Monday, March 09, 2020

The Democratic Primaries are Like an Election in a Parliamentary Democracy

I don't understand why participants in the Democratic primary don't approach it like European politicians when they try to build a government. Under the system that most European democracies have, parliamentary seats are assigned proportionately to votes. But because there are several political parties who end up with seats, no one party ever gets a majority. So the parties negotiate, and cobble together a coalition of parties that, taken together, will be a majority.

Structurally, the Democratic primary works a lot like a European parliamentary election. Delegates (like European MPs) are assigned proportionately, and until recently, there were more than two serious candidates seeking the Democratic nomination. Given that, it seems like the best strategy is for the campaigns to negotiate with each other, exchanging commitments for cabinet seats and legislative proposals until some coalition can find a candidate and platform that would appeal to a majority of the Democratic electorate between the supporters of different candidates.

But that's not how it works. Instead, Democrats, both the candidates and their supporters, approach the primaries as if it is like the general election, where "first across the post" in each state (other than in the electorally insignificant Maine and Nebraska) is what gets you 100% of the electoral votes. Even the vocabulary used to talk about the primaries is misleading. In the Democratic primaries, states are not "won" like they are in the general election. There's still an ongoing argument about who "won" the Iowa caucus. Sanders got more votes that Buttigieg on both the first and second vote, but neither had an outright majority and Buttigieg ended up with one more delegate because of the way the delegates are assigned. Does that mean Sanders "won" because he got the most votes, or Buttigieg "won" because he got the most delegates? Can Buttigieg be said to "win" when he only got a single delegate more than Sanders because of a quirk of how the delegates are assigned and that a single extra delegate makes virtually no difference in the overall nomination race?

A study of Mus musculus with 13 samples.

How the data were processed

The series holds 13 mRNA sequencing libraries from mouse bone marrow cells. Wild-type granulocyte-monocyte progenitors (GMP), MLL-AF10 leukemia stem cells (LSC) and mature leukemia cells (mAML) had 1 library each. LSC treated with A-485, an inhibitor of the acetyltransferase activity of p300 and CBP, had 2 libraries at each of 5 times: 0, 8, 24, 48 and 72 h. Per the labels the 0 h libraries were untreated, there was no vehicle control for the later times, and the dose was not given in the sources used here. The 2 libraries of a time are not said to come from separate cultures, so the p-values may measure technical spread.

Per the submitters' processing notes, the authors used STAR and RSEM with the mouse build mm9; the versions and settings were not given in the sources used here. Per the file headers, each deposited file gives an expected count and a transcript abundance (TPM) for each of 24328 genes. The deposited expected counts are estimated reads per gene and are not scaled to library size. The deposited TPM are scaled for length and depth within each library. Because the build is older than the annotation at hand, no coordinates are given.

The talk about "winning" or "losing" a state in a primary race where delegates are proportionately assigned is meaningless. And yet, that is the only way that almost everyone, from campaigns, to commentators in the media, to voters themselves, talk about primary results. It also can do real harm. In the late primary period in 2016, the rhetoric about winning or losing states fed into the sense that Sanders was being cheated out of a nomination. At that time Clinton had amassed a substantial lead in the number of delegates by getting large percentages that got her a large majority of delegates in a bunch of early Southern primaries. When Sanders would "win" states later in the race, he would do so narrowly, which would only net him a small number of delegates, which was not enough to ever close the delegate gap he had with Clinton. So while experts were noting that Sanders had no plausible path to the nomination, the media would report Sanders "win" in state after state, as if winning states had anything to do with the actual contest. I personally think that is a large reason that the "Sanders was robbed of the nomination by party elites" narrative took hold--a narrative that still lives on today.

Going back to my original point: given how the nomination contest really works, why aren't the candidates acting like European politicians? Is it because the American public is just not familiar with that kind of system and so the idea of competing candidates explore cooperation with each other is too alien for a campaign to try?